Farmers know that a methylated seed oil is just the right choice for a herbicide — but which one? Or do you need a spreader-sticker to make that herbicide or insecticide just right? Turns out the adjuvant choice is getting more complicated, and the Council of Producers of Agrotechnology, which represents many adjuvant makers, wants to help clear the confusion.
“We estimate this business is somewhere between $750 million and $1 billion per year,” says Joe Gednalski, manager, CPDA membership and value promotion. “This is a sizeable business in the United States — and an important part of making herbicides work.”
Gednalski recently retired from a long career as director of product development at WinField United and has conducted research on the impact of spray nozzles and droplet distribution. He knows how an adjuvant can help, or hinder, a product’s performance.
In 2001, CPDA created a certification program for adjuvants that requires a product to clear 17 benchmarks to become certified. All claims must meet ASTM definitions. ASTM was once known as the American Society for Testing and Materials, and it is an international standards organization that develops and publishes voluntary consensus technical standards for a wide range of materials, products, systems and services.
CPDA, working with ASTM, brought standard terminology to the industry — which, along with the certification process, was designed to bring some certainty to the adjuvant purchase.
Gednalski says the industry is working to get away from the “snake oil” feeling that many farmers had in the old days. Adjuvants not only play a role, but many crop protection products also now require application with an adjuvant.
He points to older research that still holds value. It shows that a product applied without an adjuvant could see a 30% to 90% reduction in performance, but selecting the wrong adjuvant could cut performance by 5% to 50% and hold the possibility of increased crop injury. The right adjuvant can make a performance difference.
More crop protection companies are citing a preference for CPDA certification. In fact, 480 products now require use of a certified adjuvant. But the numbers get tricky after that. Only 180 adjuvants currently are certified by the group and carry the CPDA seal. Yet Gednalski notes that there are more than 2,000 adjuvants available to farmers, depending on the region.
“We haven’t increased the [certified] numbers,” Gednalski says. “We focused on the dicamba technology and getting adjuvants certified for the Enlist program, and CPDA took their eye off the ball — or most members did.”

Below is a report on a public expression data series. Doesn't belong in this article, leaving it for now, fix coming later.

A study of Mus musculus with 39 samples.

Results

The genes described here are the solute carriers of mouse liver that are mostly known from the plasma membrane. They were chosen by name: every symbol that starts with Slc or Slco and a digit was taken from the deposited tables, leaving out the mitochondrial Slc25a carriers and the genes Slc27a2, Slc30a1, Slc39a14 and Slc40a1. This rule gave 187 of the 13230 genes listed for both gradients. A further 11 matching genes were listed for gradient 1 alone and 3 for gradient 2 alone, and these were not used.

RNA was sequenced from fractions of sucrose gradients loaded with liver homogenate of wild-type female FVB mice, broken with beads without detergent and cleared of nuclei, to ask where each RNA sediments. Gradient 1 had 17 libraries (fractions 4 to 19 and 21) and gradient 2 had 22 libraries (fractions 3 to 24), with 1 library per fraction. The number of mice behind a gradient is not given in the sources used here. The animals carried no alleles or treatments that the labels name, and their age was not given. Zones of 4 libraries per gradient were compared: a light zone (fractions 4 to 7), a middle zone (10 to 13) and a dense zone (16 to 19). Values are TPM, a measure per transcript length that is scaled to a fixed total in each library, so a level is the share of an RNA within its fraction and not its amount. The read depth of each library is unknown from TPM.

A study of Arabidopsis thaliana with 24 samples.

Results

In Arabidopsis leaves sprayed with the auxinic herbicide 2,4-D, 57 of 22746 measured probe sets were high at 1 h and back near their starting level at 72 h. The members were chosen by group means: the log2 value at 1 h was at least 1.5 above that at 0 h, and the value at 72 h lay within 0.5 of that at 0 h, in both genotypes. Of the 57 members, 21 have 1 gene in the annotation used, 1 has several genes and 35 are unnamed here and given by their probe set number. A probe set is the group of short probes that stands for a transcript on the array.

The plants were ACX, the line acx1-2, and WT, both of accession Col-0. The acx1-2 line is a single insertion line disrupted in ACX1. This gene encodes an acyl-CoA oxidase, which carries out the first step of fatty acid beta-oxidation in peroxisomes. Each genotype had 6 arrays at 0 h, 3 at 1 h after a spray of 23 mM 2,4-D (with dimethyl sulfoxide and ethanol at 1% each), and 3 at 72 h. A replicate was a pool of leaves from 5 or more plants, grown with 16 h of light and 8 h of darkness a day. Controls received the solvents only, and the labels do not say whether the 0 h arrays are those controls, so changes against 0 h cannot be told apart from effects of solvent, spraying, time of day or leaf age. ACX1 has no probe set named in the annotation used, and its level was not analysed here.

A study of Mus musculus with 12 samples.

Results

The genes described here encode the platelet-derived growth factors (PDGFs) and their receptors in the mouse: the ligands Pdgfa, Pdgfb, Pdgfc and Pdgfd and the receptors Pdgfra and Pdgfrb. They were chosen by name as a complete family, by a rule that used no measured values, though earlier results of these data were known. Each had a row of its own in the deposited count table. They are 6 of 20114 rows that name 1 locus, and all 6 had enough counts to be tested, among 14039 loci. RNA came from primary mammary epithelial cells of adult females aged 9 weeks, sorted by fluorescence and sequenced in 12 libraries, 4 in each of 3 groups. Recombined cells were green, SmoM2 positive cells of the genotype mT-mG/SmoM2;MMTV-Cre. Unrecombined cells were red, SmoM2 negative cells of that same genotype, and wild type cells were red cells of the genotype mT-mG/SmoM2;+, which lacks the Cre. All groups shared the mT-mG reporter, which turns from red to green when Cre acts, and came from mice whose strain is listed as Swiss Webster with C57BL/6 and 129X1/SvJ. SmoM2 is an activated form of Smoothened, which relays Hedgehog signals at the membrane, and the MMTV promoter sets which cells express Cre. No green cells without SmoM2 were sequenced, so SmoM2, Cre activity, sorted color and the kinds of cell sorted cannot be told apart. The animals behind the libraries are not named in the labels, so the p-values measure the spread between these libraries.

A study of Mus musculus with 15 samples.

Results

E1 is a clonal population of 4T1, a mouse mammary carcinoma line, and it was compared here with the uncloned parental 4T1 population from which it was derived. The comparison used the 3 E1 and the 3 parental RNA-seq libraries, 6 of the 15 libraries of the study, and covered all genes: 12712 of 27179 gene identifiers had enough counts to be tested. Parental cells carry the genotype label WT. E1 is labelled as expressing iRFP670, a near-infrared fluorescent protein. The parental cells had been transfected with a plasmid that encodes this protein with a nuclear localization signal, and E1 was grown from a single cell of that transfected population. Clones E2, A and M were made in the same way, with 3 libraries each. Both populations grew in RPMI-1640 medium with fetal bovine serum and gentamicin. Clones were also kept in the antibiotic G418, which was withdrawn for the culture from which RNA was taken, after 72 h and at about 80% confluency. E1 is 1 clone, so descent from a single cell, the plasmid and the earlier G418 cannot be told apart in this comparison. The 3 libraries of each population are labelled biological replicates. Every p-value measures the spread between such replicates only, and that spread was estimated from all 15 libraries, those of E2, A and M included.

He notes there is a renewed effort to bring up the level of awareness of certification and drive that message home to retailers. The fact that more manufacturers now require a certified adjuvant may bring some pressure to bear on those adjuvant producers that have not put their products through the process.
Bryan Young, a professor of botany and plant pathology at Purdue University, produces the biennial Compendium of Herbicide Adjuvants. This publication actually started in the 1980s, when George Kapusta, a weed scientist at Southern Illinois University, started gathering the information, Young explains. “I joined SIU in 1998 and took over the Compendium,” he says. “After 15 years at SIU, I’m continuing that at Purdue.”
The latest edition for 2020 should be ready by this fall. Young explains the new edition will feature more than 800 adjuvants, and that all companies can submit their products to be included. The guide also notes which adjuvants are CPDA-certified. But the challenge is adjuvant use itself. Some farmers don’t see value, even as more crop protection products require use of the additives.
Research judges adjuvant results
“Adjuvants perform based on the environment they’re applied in,” Young says. “If you have an optimal environment to apply herbicide, there may be little difference. But in those adverse weather conditions, the adjuvants do pay off.”
He notes that research continues on adjuvant use, just as it does with nitrogen use. “Adjuvants can be good insurance for your application,” he says.
Young explains that the CPDA certification is important because it denotes consistency in product, which should add up to consistency in performance. “And also, in many cases the company believes in their product, so they will go ahead and get it certified,” he notes.
Adjuvants do have a role in preventing herbicide resistance. Young explains that whenever you apply a herbicide, you want to optimize the product’s activity each and every time — which is what adjuvants are intended to do. “If you apply a herbicide but compromise the herbicide's activity, and get a level of surviving weeds that can reproduce over time, you’re selecting for resistance,” Young says. “That’s how glyphosate resistance happened. Some application methods were less than ideal.”
He adds that with fewer new modes of action coming to market, the concerns about resistance continue to rise. “We have to steward our current products the best way possible, including dicamba, 2,4-D and glufosinate — three key products in soybean production — and there are herbicide-resistant weeds right now."
Young explains that in this environment, adjuvants are just as — or more than — important today than in the past.
Gednalski adds that the rising use of multiple-mode-of-action tankmixes make selecting adjuvants even more important. “Finding the right adjuvant makes a difference in how the newest chemistry we have works,” he says.